China anchors ‘monster ship’ in South China Sea

Philippines says it won’t be ‘intimidated’ by Chinese presence in its exclusive economic zone

An aerial view shows the BRP Sierra Madre, a decommissioned Philippine navy vessel manned by a contingent of marines, anchored at the contested Second Thomas Shoal in the South China Sea as part of Manila’s effort to assert sovereignty in the area. (Reuters File Photo)
An aerial view shows the BRP Sierra Madre, a decommissioned Philippine navy vessel manned by a contingent of marines, anchored at the contested Second Thomas Shoal in the South China Sea as part of Manila’s effort to assert sovereignty in the area. (Reuters File Photo)

MANILA - The Philippine Coast Guard (PCG) said on Saturday that China’s largest coastguard vessel has anchored in Manila’s exclusive economic zone (EEZ) in the South China Sea, and is meant to intimidate its smaller Asian neighbour.

The Chinese coastguard’s 165-metre “monster ship” entered the Philippines’ 200-nautical-mile EEZ on July 2, PCG spokesperson Jay Tarriela told a news forum.

The PCG warned the Chinese vessel it was in Philippine waters and asked about their intentions, he said.

“It’s an intimidation on the part of the China Coast Guard,” Tarriela said. “We’re not going to pull out and we’re not going to be intimidated.”

The Chinese embassy in Manila and the Chinese foreign ministry did not immediately respond to a request for comment. China’s coast guard has no publicly available contact information.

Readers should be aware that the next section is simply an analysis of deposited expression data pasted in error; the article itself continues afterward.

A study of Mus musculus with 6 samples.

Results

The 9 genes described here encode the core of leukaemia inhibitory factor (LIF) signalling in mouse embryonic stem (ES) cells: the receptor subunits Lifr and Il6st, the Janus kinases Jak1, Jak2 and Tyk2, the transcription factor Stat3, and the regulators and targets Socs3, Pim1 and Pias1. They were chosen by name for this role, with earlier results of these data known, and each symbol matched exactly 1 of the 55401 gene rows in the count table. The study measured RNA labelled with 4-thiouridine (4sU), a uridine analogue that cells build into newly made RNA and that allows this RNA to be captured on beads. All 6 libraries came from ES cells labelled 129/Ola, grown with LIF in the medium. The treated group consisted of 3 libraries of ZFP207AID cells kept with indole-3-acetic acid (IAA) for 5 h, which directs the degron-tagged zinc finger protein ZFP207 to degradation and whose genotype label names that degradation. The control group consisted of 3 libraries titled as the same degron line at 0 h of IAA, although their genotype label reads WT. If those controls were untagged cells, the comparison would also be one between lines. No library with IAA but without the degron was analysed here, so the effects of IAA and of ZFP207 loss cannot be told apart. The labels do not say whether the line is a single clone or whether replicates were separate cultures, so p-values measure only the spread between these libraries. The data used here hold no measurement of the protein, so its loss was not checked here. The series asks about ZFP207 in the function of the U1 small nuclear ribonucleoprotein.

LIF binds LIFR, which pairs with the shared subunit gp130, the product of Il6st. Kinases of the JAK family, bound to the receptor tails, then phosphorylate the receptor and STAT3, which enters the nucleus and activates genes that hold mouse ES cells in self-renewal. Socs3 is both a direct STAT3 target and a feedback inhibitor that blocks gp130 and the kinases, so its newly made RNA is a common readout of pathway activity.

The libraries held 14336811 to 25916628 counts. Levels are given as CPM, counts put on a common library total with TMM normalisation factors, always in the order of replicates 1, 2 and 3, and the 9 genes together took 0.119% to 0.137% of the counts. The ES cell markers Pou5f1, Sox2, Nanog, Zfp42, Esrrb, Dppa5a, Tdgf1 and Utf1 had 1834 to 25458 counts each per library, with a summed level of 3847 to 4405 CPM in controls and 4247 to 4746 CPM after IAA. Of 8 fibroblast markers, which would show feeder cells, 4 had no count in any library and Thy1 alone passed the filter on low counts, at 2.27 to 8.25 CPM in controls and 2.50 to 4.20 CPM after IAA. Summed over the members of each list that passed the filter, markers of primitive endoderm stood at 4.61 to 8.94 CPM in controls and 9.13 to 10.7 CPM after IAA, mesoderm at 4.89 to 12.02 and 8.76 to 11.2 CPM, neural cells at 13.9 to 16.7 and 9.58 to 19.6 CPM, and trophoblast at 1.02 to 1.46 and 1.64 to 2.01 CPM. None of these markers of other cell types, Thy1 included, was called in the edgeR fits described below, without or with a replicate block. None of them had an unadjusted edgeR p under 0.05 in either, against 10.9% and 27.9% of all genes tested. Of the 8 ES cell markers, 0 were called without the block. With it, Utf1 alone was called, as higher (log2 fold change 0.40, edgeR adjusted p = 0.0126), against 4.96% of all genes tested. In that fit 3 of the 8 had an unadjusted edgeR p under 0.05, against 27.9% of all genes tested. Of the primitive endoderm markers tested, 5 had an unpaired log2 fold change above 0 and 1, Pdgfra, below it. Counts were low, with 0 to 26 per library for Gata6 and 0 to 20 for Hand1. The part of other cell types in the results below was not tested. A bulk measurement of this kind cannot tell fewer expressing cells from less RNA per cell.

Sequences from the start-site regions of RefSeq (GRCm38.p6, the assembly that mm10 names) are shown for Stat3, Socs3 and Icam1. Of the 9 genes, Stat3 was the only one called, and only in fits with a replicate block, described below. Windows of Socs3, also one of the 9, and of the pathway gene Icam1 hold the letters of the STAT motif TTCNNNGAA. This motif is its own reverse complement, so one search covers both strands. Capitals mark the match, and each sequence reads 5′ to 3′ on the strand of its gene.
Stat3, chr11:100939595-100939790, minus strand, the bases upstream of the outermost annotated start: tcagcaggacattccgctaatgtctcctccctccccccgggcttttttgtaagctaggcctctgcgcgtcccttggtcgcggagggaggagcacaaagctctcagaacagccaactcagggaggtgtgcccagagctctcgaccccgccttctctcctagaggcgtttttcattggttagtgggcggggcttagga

The Chinese ship, which has also deployed a small boat, was anchored 800 metres away from the PCG vessel, Tarriela said.

In May, the PCG deployed a ship to the Sabina shoal to deter small-scale reclamation by China, which denied the claim. China has carried out extensive land reclamation on some islands in the South China Sea, building air force and other military facilities, causing concern in Washington and around the region.

China claims most of the South China Sea, a key conduit for $3 trillion worth of annual ship-borne trade, as its own territory. Beijing rejects the 2016 ruling by The Hague-based Permanent Court of Arbitration which said its expansive maritime claims had no legal basis.

Following a high-level dialogue, the Philippines and China agreed on Tuesday for the need to “restore trust” and “rebuild confidence” to better manage maritime disputes.

The Philippines has turned down offers from the United States, its treaty ally, to assist operations in the South China Sea, despite a flare-up with China over routing resupply missions to Filipino troops on a contested shoal.